While Qualcomm makes an absurd amount of money designing and selling its own chips, over half of its profits come from selling its wireless patents to nearly every smartphone maker in the world not looking for a lawsuit. That profit proportion would likely change if the company were to acquire NXP as is rumored in media discussions.

Qualcomm NXP
Qualcomm by Janitors, Flickr

Chip makers driving M&A in 2012016 and Qualcomm wants in on the action

The Wall Street Journal is citing unnamed sources suggesting that Qualcomm is looking at purchasing NXP Semiconductors in a deal that is believed to be worth over $30 billion and could be completed in a matter of a few months.

At the same time, Qualcomm is also exploring other deals according to the same sources. That said, Qualcomm is likely to be looking at foreign companies and NXP Semiconductors certainly fits the bill. Qualcomm showed around $31 billion in securities and cash on its balance sheet in the beginning of the summer (June) and most of that money is held offshore. It would behoove the company in an election year to look to utilize its treasure trove when repatriation of corporate wealth isn’t really on the menu at present.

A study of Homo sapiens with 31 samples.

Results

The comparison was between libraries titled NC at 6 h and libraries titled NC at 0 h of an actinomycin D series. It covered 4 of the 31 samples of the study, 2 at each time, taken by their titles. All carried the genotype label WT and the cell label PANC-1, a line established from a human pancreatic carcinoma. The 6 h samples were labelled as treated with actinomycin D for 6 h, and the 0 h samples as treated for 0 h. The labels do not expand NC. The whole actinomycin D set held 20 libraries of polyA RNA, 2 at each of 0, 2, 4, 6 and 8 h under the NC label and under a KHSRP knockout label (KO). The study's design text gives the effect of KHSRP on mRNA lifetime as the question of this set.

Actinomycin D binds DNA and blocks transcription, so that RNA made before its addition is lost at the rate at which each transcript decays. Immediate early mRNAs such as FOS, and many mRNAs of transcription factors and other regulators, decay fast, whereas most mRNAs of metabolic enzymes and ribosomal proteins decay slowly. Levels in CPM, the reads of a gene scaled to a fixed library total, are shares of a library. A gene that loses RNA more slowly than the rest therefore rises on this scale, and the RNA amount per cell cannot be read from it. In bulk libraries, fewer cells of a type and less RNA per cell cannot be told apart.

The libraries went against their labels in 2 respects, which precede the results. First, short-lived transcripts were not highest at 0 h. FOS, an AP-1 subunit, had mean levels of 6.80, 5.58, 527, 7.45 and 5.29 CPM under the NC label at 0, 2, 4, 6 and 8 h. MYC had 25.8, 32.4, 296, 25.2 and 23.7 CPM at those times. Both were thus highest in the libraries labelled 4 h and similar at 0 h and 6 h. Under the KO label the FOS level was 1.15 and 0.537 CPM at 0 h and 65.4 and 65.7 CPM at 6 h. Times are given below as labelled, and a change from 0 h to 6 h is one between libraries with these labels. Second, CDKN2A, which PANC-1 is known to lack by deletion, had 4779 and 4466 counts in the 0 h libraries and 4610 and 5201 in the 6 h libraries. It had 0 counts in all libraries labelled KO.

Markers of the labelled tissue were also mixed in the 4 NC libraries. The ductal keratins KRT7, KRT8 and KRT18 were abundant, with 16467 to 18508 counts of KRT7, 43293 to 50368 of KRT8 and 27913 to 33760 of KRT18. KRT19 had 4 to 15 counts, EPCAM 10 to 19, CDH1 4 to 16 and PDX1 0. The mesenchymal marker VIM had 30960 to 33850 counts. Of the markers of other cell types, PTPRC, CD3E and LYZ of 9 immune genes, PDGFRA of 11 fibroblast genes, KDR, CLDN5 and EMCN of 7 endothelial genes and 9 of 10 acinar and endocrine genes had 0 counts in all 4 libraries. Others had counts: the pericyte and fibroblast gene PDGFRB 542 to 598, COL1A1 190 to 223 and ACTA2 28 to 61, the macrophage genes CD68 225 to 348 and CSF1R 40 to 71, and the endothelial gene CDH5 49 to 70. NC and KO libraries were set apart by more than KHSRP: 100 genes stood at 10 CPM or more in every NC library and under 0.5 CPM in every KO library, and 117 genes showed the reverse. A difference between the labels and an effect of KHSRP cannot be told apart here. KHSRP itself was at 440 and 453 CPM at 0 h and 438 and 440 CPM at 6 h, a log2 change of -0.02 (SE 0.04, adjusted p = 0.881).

2016 has seen about $75 billion in mergers and acquisitions this year after big moves from Avago Technologies as well as Intel last year.

In July, SoftBank bought ARM Holdings PLC for $32 billion and even NXP got in on the action with an acquisition of its own in 2015 when it purchased Freescale Semiconductors for nearly $12 billion.

Why would Qualcomm purchase the Dutch NXP?

Beyond putting its offshore holdings to use, Qualcomm would start its immediate move into industries outside of mobile devices nearly overnight. The company wouldn’t be selling its thirty odd product lines anymore but would see its lines instantly in the low hundreds and would become the leader in supplying the automotive industry with its chips if the deal were to go through.

If you read the news even a little bit, you’ll know that the automotive industry’s use of advanced chips shows zero sign of abating but rather its growth is near guaranteed as long as people continue to drive.

“Many investors at least believe they would like to see the company do something more strategic,” wrote Sanford C. Bernstein analysts just today as rumors seemingly moved closer to reality.